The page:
Dogs have a reputation for chewing on just about anything they can get their teeth on, which includes wood.

 This can be dangerous for your pet though, so you’ll need to find out the reason it is happening. There are certain things that your dog just shouldn’t chew on.

Dangers of Dogs Chewing on Wood

There are certain things that dogs can chew on without putting themselves in any danger, but wood is not one of them. The fact is that sharp pieces of wood can cut the inside of your dog’s mouth, causing wounds that might become infected.

It’s also possible that your dog ingests sharp wood splinters that puncture the inside of their body, which is equally as dangerous. A bacterial infection of the intestines can be very nasty, to say the least.

If your dog swallows a large piece of wood, it could lead to intestinal obstruction. This can be fatal in some cases, so it is definitely not something you should take lightly.

Reasons That Dogs Chew on Wood

Dogs chew on wood and other strange things for a wide range of reasons. When you are aware of these reasons, you’ll have a much easier time figuring out your dog’s behavior.

1. They Are Just Bored

Sometimes boredom can drive a dog to do all sorts of things that are bad for it, including chewing on wood. Your dog might be doing this just for something to do. This is why it is so important that you provide them with plenty of fun toys to gnaw on. It’s also crucial that you let your dog outside and play with it on a regular basis.


Anxiety is actually a fairly common reason for dogs chewing on wood and other things they shouldn’t. This often occurs due to separation anxiety after the owner leaves and the dog is left by itself. 

If your dog has this issue, there are a number of approaches you can take. While your vet could prescribe an anti-anxiety medication, it is important that you try natural methods first.

Your dog might also start chewing on wood if it is nervous because of loud noises from fireworks, a thunderstorm, or something else. This is basically their way of coping with feeling on edge. If your dog has this particular problem, you should resist the temptation to comfort them with petting. This only reinforces that there is a legitimate threat in the dog’s mind. You should instead maintain a calm voice and give them a fun puzzle toy to play with.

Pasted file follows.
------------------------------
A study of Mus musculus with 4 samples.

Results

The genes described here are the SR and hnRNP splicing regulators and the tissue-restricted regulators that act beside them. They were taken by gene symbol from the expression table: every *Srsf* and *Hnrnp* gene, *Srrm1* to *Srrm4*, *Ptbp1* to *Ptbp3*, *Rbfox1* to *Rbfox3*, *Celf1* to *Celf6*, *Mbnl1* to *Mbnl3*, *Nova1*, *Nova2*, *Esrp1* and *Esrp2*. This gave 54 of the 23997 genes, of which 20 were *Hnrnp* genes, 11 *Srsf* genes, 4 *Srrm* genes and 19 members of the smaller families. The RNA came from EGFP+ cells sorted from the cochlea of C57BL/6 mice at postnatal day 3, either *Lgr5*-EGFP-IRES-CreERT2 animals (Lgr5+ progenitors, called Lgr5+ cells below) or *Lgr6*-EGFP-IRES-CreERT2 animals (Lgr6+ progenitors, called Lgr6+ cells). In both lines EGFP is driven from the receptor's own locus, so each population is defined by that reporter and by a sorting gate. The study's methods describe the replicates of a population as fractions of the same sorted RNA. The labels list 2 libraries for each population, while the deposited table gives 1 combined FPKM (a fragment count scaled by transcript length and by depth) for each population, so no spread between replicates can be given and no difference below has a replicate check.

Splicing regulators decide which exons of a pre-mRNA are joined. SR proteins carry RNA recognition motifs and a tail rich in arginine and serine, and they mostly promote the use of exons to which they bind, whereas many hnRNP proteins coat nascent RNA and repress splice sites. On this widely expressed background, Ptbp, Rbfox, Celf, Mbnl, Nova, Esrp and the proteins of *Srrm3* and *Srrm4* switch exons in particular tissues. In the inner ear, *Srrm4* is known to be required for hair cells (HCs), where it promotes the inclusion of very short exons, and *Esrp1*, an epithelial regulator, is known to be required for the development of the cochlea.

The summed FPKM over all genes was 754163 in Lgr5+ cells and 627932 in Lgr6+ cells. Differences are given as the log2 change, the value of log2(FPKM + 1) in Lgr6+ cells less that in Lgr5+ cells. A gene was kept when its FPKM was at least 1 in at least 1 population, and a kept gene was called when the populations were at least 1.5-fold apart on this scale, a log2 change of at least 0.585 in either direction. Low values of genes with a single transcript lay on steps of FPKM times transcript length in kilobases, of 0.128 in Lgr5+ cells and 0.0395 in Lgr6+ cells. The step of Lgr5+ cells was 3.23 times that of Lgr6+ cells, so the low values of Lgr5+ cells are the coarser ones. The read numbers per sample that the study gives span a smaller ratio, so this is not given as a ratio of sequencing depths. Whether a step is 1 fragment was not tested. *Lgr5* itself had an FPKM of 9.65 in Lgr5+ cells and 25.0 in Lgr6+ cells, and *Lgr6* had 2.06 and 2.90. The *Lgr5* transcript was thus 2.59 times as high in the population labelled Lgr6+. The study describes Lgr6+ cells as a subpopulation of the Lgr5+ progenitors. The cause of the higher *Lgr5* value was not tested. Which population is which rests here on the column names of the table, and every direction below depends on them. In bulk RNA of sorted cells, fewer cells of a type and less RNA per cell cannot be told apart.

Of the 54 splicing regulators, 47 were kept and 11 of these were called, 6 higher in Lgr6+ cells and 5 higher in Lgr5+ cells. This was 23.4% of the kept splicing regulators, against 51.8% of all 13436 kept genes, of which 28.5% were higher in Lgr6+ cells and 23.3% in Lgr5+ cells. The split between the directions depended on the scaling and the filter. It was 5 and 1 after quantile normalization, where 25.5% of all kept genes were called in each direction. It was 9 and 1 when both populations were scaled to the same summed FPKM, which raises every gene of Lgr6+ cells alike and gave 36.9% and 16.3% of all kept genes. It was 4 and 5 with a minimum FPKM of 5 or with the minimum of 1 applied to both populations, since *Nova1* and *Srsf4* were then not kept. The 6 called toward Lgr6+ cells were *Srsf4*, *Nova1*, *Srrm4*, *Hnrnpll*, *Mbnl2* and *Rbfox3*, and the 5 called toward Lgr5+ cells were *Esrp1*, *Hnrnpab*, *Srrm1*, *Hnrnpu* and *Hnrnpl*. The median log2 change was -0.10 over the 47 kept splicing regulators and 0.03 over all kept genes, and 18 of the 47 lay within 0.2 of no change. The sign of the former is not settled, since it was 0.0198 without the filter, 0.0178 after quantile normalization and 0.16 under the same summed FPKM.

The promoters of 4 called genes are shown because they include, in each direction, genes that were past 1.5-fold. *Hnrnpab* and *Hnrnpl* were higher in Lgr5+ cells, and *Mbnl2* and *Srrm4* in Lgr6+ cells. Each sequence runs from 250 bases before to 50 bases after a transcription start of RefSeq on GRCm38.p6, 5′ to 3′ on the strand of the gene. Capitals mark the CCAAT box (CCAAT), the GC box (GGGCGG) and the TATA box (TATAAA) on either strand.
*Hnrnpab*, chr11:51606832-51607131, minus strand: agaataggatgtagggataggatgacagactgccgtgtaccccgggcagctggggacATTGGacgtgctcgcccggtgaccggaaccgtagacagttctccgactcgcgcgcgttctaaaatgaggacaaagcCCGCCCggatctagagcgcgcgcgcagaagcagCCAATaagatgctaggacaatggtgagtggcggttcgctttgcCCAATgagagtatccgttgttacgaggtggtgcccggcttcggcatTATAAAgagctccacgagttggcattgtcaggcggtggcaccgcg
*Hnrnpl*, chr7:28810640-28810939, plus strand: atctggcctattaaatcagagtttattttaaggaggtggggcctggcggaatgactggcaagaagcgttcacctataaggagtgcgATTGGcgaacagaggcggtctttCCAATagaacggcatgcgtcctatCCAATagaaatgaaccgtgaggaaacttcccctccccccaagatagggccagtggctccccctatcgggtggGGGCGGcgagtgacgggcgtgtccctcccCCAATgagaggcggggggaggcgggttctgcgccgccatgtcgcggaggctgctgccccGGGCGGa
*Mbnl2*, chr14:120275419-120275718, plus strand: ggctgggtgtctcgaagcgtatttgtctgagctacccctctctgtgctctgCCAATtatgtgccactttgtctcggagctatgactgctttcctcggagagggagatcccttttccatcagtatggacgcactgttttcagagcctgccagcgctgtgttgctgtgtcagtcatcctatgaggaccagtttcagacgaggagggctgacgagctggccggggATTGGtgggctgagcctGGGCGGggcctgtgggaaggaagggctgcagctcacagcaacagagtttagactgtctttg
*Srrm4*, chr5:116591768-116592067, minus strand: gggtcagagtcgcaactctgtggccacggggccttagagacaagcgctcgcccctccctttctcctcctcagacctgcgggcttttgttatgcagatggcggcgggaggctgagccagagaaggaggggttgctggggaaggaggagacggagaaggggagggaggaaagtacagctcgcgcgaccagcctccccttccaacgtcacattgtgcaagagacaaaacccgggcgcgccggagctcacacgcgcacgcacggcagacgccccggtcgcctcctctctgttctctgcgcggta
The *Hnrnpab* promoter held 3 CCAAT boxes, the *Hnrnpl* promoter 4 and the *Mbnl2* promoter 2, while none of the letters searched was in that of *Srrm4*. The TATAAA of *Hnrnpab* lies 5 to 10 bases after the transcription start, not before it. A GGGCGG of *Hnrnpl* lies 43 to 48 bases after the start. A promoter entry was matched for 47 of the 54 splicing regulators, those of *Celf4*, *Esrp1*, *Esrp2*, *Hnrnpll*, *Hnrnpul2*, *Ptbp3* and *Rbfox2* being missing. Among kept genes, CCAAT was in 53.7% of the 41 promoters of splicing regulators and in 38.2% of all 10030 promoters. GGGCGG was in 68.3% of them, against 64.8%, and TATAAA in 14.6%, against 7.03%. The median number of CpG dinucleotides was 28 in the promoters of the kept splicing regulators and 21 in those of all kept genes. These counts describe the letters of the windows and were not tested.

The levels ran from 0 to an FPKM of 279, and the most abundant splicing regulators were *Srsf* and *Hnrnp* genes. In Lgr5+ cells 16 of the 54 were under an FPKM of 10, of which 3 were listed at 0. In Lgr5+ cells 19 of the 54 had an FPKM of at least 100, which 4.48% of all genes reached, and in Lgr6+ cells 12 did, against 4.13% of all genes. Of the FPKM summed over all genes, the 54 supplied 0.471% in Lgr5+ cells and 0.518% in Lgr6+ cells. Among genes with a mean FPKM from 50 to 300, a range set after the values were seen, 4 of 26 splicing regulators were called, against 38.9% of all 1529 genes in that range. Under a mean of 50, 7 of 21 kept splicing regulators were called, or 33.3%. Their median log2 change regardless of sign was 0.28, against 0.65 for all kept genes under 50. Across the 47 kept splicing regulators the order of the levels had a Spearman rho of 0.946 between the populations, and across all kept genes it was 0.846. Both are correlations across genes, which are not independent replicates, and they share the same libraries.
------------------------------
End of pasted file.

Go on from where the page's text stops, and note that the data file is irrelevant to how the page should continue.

Your dog’s wood chewing could just be a matter of teething. Dogs that are between four and nine months old have a tendency to chew on all sorts of things. It is very important that you have lots of fun toys for your dog to chew on, especially during this period.

You should also make a point of giving your dog treats that are specially made for teething. This can go a long way towards keeping their jaws off your furniture and other things they aren’t supposed to be chewing on. While this phase will eventually pass, it can certainly be frustrating to deal with.


Pica is a condition that actually affects quite a few dogs, and it can cause them to chew on all sorts of things. This condition is sometimes nothing more than a behavioral problem, but there could be an underlying medical condition. This is ultimately a determination that you’ll want to leave to your veterinarian.

Some of the other symptoms of pica in dogs include:

  • Vomiting
  • Diarrhea
  • Black stool
  • Bad breath
  • Excessive drooling
  • Burping
  • Constipation

If you notice these symptoms in your dog, it is important that you get them to the vet right away. Your vet should be able to tell if there is an underlying medical condition that is causing this issue. It could just be a matter of behavioral issues that require proper training.

white fluffy pup

How to Get Your Dog to Stop Chewing on Wood

You will have numerous options when it comes to getting your dog to stop chewing on wood. Some of these approaches will work better than others, depending on what is causing this behavior with your pup.

1. Wrap Up Furniture Legs

It is highly recommended that you wrap up any furniture legs in your home with foam padding until you get your dog’s chewing under control. This can help prevent your dog from getting injured by ingesting wood splinters.

2. Use Commands

You’ll also want to make an effort to train your dog to respond to commands like “stop”. While it may take them a while to respond, it is well worth the effort. Some dogs are very stubborn and difficult to train, but they should get the hang of it eventually.


You can also try distracting your dog with a fun toy to play with. This is actually one of the most effective ways to put a stop to this behavior in the moment. While it might not be a long term solution, it is something to keep in mind.

Conclusion

  • Chewing on wood can be very dangerous for your dog, as it might result in cuts to the inside of their mouth or even their intestines.
  • Even a small cut inside of your dog’s mouth can easily get infected with bacteria, which poses a serious threat to their overall health.
  • Some dogs start chewing on wood because are bored. If you aren’t interacting enough with them on a daily basis, there is no telling how they will act out.
  • Anxiety is another common cause of destructive chewing behavior. This can be due to loud and startling sounds or separation anxiety.
  • It is possible that your dog is chewing on wood because it is still teething. This is pretty common among puppies.
  • Pica is a condition that sometimes causes dogs to chew on wood and other things that they shouldn’t. It can be a behavioral issue or caused by an underlying medical condition.